Your browser version is outdated. We recommend that you update your browser to the latest version.

Tales of the Red House - 1931-1938

Posted 4/26/2021

Grandiose plans are revised to fit with reality.

Grandiose plans and high hopes for developing the upriver property (near Nazareth Hall) were aborted with the advent of the Great Depression following the crash of 1929.  As a result the novitiate never became a reality. A large brick house on the property was renovated and the novices took possession in 1931. After 7 years, however, the novitiate moved back to Toledo.

Those who pioneered living in the Red House from 1931-1938 can recall the primitive conditions in which they spent their noviceship. Sister Perpetua, novice directress, with her innate love of the land, tried to make good farmers out of the city dwellers. The tales they tell are many and varied.

Sister Agnes Therese tells of the mountain they found in the entrance one morning after a particularly heavy snowfall. To commemorate the event they placed Old Glory on top and labeled the mound the North Pole.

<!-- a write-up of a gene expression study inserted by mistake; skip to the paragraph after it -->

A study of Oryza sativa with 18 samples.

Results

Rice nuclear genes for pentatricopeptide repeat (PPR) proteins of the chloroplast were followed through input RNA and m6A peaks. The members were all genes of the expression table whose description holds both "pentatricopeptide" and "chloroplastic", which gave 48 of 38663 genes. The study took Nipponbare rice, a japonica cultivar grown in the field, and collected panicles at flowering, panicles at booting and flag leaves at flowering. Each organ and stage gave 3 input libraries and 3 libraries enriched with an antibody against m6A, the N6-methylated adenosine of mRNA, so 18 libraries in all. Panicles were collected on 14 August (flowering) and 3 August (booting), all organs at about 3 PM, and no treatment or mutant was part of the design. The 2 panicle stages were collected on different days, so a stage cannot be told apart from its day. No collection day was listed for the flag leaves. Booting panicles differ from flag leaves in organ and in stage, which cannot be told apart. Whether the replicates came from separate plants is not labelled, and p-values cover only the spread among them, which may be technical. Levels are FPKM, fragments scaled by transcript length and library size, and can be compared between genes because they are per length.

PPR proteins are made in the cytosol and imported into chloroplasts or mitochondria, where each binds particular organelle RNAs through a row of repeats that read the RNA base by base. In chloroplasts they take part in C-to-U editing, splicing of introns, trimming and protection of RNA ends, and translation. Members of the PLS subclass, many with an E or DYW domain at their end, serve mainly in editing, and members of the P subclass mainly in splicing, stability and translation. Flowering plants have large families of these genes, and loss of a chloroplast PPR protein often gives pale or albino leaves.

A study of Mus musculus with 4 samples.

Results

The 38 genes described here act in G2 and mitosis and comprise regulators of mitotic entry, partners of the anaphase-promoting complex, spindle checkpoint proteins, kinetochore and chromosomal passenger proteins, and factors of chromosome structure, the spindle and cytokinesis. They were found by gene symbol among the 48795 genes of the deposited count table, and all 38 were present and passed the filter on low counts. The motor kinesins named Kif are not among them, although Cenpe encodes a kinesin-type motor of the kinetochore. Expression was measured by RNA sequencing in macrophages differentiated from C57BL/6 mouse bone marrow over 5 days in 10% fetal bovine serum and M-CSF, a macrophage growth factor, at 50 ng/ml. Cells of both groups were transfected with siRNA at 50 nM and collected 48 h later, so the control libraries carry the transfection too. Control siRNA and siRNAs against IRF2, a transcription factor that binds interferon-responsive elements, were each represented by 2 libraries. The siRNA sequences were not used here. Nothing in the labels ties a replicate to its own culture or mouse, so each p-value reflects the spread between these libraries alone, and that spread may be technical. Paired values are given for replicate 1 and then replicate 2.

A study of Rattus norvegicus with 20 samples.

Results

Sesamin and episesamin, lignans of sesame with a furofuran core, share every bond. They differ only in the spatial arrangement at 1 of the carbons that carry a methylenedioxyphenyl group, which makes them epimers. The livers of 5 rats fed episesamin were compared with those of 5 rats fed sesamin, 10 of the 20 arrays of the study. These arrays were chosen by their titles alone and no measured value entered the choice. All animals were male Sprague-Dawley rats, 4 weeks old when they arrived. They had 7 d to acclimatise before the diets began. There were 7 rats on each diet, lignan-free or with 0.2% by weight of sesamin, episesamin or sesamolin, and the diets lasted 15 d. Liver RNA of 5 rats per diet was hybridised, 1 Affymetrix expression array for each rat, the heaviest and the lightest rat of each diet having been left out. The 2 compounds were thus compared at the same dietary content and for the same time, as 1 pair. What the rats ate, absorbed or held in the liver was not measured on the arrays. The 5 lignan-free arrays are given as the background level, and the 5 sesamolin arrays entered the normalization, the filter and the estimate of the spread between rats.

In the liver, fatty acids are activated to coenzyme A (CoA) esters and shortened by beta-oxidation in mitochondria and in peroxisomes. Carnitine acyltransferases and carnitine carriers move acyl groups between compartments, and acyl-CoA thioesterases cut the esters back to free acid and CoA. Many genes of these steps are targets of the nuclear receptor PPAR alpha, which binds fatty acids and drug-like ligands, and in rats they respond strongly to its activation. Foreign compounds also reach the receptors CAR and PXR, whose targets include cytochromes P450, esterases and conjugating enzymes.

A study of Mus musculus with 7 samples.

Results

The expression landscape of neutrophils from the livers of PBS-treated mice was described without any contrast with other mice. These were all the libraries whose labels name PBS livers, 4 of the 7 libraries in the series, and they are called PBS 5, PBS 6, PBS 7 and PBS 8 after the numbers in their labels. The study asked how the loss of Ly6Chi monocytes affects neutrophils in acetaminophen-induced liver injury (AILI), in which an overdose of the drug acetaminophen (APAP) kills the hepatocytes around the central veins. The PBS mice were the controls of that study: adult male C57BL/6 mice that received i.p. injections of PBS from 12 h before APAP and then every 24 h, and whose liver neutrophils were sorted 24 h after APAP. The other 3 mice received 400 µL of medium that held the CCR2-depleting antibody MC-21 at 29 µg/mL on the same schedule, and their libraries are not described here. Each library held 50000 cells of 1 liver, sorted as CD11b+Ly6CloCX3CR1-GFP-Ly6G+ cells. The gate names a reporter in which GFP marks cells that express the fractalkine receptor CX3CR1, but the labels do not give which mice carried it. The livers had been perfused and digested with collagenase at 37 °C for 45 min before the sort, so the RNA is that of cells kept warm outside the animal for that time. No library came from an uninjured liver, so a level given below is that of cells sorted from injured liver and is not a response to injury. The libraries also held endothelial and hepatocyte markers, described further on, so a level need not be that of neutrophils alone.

Sister Julia Therese, official phone operator, one morning answered to find Sister Camillus, in charge of food service at Nazareth Hall reporting a cow in the garden.  To Sister’s question, “What kind of cow?” the indignant reply: “A big cow!

These were depression years and more than one novice wore a “see-through” habit. At one of the daily lecture meetings, Sister Martina was heard to acknowledge her fault of wearing torn clothing only to leave the evidence in the form of a patch on the floor behind her.

After a particularly hard day, Sister Perpetua directed a novice to pass the grape juice. A rule of etiquette was that no one tasted the juice until all had been served. After taking a sip, Sister Perpetua inquired of the novice where she got the juice, and when told in the usual place, hurriedly told the group to drink it and go directly to bed.


The material quoted here is taken from A Tree in the Valley by Sr. Lelia Mahoney.